His deep baritone voice is reminiscent of Elvis, and he's known to croon Falling in Love with You on karaoke nights.
Wearing a straw cowboy-style hat and an almost-southern drawl, Bob Robertson graciously chats with golfers and volunteers at Iron Masters Country Club during the Becky Sheetz Memorial Golf Tournament. When asked for an autograph he says, "Thank you," pleased that fans still remember and appreciate his days as Pittsburgh Pirate.
The former first baseman enjoyed playing during one of the greatest eras in Bucco baseball history. With teammates the likes of Bill Mazeroski and Willie Stargell, his locker stood next to Roberto Clemente's.
"My memories were as a young adult laying on my grandmother's couch listening to the games [on the radio] and hearing names like Stargell and Clemente," Robertson said, "and then to find myself at spring training with those guys and running onto the field with them just a few years later."
But for all the accolades the future hall-of-famers received, it was Robertson who was the first player to blast a home run to the left field upper deck at Three Rivers Stadium. He also belted two home runs during the 1971 World Series, helping the Pirates defeat Baltimore four-games-to-three; his post-season performance remains one of the finest in Pirate history.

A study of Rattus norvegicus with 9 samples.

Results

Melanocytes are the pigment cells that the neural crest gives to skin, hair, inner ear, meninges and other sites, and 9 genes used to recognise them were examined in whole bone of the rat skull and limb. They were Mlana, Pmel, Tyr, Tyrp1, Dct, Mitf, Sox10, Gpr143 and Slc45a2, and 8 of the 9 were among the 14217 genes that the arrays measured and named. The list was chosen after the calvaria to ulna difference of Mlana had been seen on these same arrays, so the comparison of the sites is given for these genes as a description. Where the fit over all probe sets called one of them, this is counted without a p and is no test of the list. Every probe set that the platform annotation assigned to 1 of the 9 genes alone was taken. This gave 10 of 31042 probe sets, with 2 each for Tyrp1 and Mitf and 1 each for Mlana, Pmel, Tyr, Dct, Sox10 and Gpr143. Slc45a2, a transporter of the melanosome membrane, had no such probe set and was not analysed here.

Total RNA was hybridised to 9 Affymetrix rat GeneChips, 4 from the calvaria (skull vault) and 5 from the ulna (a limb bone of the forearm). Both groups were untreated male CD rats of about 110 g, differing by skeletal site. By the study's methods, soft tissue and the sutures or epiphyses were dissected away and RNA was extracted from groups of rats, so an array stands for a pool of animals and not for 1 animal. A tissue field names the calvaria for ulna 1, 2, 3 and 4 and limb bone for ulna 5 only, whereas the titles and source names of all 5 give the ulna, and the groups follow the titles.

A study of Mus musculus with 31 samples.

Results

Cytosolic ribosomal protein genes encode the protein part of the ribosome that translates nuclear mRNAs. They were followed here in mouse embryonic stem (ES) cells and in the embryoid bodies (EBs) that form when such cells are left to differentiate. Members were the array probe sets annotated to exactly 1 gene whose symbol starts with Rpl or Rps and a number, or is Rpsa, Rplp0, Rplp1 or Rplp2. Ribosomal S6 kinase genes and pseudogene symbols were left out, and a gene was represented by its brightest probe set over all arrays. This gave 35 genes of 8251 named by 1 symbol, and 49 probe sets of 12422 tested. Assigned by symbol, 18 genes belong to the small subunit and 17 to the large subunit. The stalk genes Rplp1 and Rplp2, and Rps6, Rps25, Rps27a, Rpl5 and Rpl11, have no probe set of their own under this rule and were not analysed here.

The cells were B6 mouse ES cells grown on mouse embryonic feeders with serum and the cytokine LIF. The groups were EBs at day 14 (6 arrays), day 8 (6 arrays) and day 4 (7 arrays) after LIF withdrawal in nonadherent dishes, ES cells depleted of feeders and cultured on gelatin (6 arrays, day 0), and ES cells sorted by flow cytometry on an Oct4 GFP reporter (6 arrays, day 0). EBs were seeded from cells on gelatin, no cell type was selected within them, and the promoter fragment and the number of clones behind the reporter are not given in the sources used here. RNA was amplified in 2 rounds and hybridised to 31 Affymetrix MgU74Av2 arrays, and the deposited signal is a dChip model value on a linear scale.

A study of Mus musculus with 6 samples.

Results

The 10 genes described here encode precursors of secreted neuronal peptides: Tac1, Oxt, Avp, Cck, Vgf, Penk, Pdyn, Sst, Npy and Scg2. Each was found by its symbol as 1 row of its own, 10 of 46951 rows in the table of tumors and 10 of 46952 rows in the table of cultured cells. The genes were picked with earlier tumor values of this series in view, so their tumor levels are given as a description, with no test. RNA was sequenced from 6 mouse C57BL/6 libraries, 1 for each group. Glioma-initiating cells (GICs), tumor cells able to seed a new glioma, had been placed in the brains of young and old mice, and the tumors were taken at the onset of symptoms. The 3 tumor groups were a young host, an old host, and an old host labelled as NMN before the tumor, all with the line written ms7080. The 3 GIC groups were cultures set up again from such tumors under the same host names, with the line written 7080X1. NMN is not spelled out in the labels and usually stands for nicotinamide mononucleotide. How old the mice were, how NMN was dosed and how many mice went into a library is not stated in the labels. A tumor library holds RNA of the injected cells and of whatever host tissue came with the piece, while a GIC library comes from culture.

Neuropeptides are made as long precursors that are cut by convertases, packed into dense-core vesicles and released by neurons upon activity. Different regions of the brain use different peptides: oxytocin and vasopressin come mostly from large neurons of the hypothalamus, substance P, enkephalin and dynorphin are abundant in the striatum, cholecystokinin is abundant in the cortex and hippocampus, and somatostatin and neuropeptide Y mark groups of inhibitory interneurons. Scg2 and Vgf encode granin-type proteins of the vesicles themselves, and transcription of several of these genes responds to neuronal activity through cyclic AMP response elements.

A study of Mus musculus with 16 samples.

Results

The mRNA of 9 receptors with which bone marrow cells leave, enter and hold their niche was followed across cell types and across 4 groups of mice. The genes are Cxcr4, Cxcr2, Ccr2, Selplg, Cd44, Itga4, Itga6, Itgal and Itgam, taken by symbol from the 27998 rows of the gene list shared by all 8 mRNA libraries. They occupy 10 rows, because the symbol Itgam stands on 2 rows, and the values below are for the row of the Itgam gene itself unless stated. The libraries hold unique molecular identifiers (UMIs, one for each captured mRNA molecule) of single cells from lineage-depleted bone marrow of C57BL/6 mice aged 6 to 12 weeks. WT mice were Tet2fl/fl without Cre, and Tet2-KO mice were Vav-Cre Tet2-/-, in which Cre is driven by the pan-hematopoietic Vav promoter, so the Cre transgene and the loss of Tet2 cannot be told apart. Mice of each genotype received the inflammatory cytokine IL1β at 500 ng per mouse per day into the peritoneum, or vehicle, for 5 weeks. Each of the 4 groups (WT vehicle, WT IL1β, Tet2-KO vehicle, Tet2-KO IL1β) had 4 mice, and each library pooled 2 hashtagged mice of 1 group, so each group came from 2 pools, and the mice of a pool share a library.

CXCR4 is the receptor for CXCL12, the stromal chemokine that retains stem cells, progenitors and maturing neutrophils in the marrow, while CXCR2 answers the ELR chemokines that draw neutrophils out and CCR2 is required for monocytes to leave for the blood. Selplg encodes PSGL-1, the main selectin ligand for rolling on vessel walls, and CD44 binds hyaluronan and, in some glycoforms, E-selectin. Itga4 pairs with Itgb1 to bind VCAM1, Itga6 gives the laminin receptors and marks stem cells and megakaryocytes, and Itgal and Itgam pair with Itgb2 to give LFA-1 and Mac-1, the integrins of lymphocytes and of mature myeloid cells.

"What made our team great was our will to win," he said, "We got upset when we lost in spring training. We had talent and depth, but we also had pride in our city, in ourselves, and in the uniforms we got to put on every day."
Robertson recognizes the changing times in baseball. Having played before the era of free agency, when big league teams were built from the farm system up, he notes the game had a purity that may have gone by the wayside in this age of technology, acknowledging every swing is now analyzed by computers.
This gentle giant has never lost respect for the game he loves, or for the Pittsburgh Pirates organization, even though the current team has endured fifteen straight losing seasons. He is an active member of the Pirates Alumni Association and still gives back to many communities of Pirate fans in Central and Western Pennsylvania.
Today's star players could learn a lesson from this sentimental soul who enjoys photographing wildlife in his wooded Maryland backyard.
He doesn't hesitate to reflect on his teenage years, when he sat in the stands at Forbes field, marveling at the spotless white baseballs and the professional players who never seemed to drop them. "I'm gonna play down there one of these days," he told a friend.
That day came more quickly than he imagined, and like most dreams, was over far too soon. Injuries took their toll, but Robertson still relishes every moment of his baseball career, particularly his decade in Pittsburgh.
Once and always a Pirate, he says, "I wish every young player could experience one day in the big leagues."
Goodman can be reached at email@example.com. Her column appears on Tuesdays.